We are very pleased to announce the following three keynote plenary sessions for POLLEN18!
Keynote Plenary I
Paige West is The Claire Tow Professor of Anthropology at Barnard College and Columbia University. Her broad scholarly interest is the relationship between societies and their environments. She has written about the linkages between environmental conservation and international development, the material and symbolic ways in which the natural world is understood and produced, the aesthetics and poetics of human social relations with nature, and the creation of commodities and practices of consumption. Since the mid 1990s she has worked with indigenous people in Papua New Guinea. She is the author of three books and the editor of five more. The tentative theme of Paige’s POLLEN18 keynote lecture is Critical Approaches to Dispossession in the Melanesian Pacific: Conservation, Voice, and Collaboration. The lecture draws on a paper co-authored with John Aini (Founder and Director, Ailan Awareness, Papua New Guinea).
Discussant: Nitin Rai is a Fellow at the Ashoka Trust for Research in Ecology and the Environment (ATREE), India. He uses a political ecology approach to understand the implications of state conservation policy and practice for people and landscapes. Nitin conducts most of his fieldwork in the Biligiri Rangaswamy Temple Tiger Reserve where he has explored issues ranging from historical patterns of forest use, cultural relationship to landscape, and rights-based conservation. More recently he has been analyzing market-based interventions such as eco-tourism and corporate investments in biodiversity conservation. Nitin is an editor of the journal Conservation and Society.
Keynote Plenary II
Ashish Kothari is a Founder-member of the Indian environmental group Kalpavriksh. Ashish has taught at the Indian Institute of Public Administration, coordinated India’s National Biodiversity Strategy and Action Plan process, served on Greenpeace International and India Boards, helped initiate the global ICCA Consortium, and chaired an IUCN network dealing with protected areas and communities. Ashish has (co)authored or (co)edited over 30 books, and helps coordinate the Vikalp Sangam and Radical Ecological Democracy processes in search of alternative well-being pathways to globalized development. The tentative theme of Ashish’s POLLEN18 keynote lecture is Radical Ecological Democracy: Towards Transformative Alternatives to Development.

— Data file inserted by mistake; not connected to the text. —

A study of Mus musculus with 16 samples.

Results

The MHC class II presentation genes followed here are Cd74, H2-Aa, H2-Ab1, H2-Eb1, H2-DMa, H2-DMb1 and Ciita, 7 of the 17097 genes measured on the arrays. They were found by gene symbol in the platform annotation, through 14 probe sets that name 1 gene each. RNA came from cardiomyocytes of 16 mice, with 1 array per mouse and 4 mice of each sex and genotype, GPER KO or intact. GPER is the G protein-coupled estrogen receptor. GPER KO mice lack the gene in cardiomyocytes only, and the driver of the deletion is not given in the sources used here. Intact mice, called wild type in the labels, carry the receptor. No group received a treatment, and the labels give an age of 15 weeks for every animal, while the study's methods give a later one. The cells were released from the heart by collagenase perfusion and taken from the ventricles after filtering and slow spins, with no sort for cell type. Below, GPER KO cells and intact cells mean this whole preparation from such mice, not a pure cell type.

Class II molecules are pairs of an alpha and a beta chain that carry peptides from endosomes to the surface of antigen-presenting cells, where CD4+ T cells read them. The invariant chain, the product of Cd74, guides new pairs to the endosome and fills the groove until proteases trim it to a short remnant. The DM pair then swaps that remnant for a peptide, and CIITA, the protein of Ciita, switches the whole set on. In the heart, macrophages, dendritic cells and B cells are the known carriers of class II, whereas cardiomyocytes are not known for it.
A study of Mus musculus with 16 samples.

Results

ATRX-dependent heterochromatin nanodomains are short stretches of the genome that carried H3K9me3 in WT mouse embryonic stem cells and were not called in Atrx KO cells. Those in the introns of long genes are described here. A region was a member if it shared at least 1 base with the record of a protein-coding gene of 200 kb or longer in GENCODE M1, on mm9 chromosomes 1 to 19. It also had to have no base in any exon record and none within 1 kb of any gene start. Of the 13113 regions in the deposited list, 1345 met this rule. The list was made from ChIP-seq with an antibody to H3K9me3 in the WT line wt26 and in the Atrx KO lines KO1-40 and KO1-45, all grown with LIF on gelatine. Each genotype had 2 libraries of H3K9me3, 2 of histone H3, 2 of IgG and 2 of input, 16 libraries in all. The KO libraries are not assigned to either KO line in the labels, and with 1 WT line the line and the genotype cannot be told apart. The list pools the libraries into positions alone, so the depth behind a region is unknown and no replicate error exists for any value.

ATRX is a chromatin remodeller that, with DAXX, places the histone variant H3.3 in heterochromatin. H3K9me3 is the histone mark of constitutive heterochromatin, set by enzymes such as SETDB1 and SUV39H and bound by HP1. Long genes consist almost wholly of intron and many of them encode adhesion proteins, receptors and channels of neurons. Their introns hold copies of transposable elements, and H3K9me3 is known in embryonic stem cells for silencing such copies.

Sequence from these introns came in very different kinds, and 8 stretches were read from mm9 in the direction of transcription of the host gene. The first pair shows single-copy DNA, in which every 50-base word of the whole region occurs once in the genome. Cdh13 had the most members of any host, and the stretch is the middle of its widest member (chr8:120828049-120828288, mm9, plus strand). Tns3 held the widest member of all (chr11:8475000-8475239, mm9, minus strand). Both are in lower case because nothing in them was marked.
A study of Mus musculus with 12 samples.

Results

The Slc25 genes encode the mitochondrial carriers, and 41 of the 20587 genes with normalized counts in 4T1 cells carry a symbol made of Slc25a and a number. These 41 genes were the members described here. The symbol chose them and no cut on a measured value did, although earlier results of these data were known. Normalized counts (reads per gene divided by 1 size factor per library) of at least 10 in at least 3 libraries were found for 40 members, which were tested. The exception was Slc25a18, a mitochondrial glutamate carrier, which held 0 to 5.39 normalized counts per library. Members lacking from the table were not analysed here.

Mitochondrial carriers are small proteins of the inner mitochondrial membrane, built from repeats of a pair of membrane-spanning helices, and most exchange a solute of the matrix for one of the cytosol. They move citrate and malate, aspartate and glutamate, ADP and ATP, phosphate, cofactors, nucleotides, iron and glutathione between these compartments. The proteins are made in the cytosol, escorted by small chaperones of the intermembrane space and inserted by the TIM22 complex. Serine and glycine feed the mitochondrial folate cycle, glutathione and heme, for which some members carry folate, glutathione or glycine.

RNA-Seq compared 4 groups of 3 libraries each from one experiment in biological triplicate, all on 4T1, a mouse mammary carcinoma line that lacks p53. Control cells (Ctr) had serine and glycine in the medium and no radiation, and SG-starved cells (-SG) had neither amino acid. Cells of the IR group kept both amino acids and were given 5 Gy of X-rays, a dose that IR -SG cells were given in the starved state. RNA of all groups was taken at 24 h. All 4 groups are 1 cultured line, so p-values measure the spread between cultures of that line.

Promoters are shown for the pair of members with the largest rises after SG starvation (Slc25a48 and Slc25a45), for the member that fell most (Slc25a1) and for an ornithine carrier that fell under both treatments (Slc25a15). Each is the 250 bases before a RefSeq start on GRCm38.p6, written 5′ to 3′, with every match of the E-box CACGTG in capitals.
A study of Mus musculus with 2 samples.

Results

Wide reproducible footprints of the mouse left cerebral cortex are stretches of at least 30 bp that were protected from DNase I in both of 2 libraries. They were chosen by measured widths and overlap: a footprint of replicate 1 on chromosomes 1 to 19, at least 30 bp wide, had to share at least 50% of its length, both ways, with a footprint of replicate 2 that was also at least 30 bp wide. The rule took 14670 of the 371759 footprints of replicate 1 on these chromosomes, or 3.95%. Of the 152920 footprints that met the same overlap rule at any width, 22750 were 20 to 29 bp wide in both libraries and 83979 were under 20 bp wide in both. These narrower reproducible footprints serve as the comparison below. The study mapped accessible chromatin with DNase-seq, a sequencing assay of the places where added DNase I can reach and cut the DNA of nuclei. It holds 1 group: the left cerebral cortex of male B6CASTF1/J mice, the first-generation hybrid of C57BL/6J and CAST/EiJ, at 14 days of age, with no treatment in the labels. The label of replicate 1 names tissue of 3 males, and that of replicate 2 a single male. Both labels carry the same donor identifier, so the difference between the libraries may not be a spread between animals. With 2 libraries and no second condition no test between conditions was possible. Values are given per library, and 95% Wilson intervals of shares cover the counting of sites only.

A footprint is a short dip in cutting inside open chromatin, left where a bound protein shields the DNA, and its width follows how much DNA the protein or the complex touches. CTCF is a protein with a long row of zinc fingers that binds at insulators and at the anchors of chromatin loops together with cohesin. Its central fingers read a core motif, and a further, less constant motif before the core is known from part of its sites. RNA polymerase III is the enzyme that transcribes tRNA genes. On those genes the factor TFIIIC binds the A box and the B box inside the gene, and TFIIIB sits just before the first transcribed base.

Discussant: Paul Robbins is the director of the Nelson Institute for Environmental Studies at the University of Wisconsin-Madison, where he guides the institute in addressing rapid global environmental change. Robbins has years of experience as a researcher and educator, specializing in human interactions with nature and the politics of natural resource management. His research addresses questions spanning conservation conflicts, urban ecology, and environment and health interactions. He has done extensive fieldwork in rural India, led national studies of consumer chemical risk behaviors in America, and studied the complexities of elk management policy on the settled fringes of Yellowstone Park. He holds a doctorate in geography from Clark University. He is author of “Political Ecology: A Critical Introduction” and the award-winning book, “Lawn People”. Paul was raised in Denver, Colorado.
Keynote Plenary III
Tania Murray Li is Professor of Anthropology at the University of Toronto, where she holds the Canada Research Chair in the Political Economy and Culture of Asia. Her publications include Land’s End: Capitalist Relations on an Indigenous Frontier (Duke University Press, 2014), Powers of Exclusion: Land Dilemmas in Southeast Asia (with Derek Hall and Philip Hirsch, NUS Press, 2011), The Will to Improve: Governmentality, Development, and the Practice of Politics (Duke University Press, 2007) and many articles on land, labour, class, capitalism, development, resources and indigeneity with a particular focus on Indonesia. Her current book project Plantation Life is an ethnography of an oil palm zone.
Discussant: Bram Büscher is Professor and Chair of the Sociology of Development and Change group at Wageningen University, The Netherlands, and holds visiting positions at the University of Johannesburg and Stellenbosch University. Bram has published over 70 articles in peer-reviewed journals and edited volumes and is the author of ‘Transforming the Frontier. Peace Parks and the Politics of Neoliberal Conservation in Southern Africa’ (Duke University Press, 2013). Bram is one of the senior editors of the open-access journal Conservation & Society (www.conservationandsociety.org) and is currently finalizing a book manuscript entitled ‘Sharing Nature? Conserving Biodiversity between Platforms, Post-truth and Power.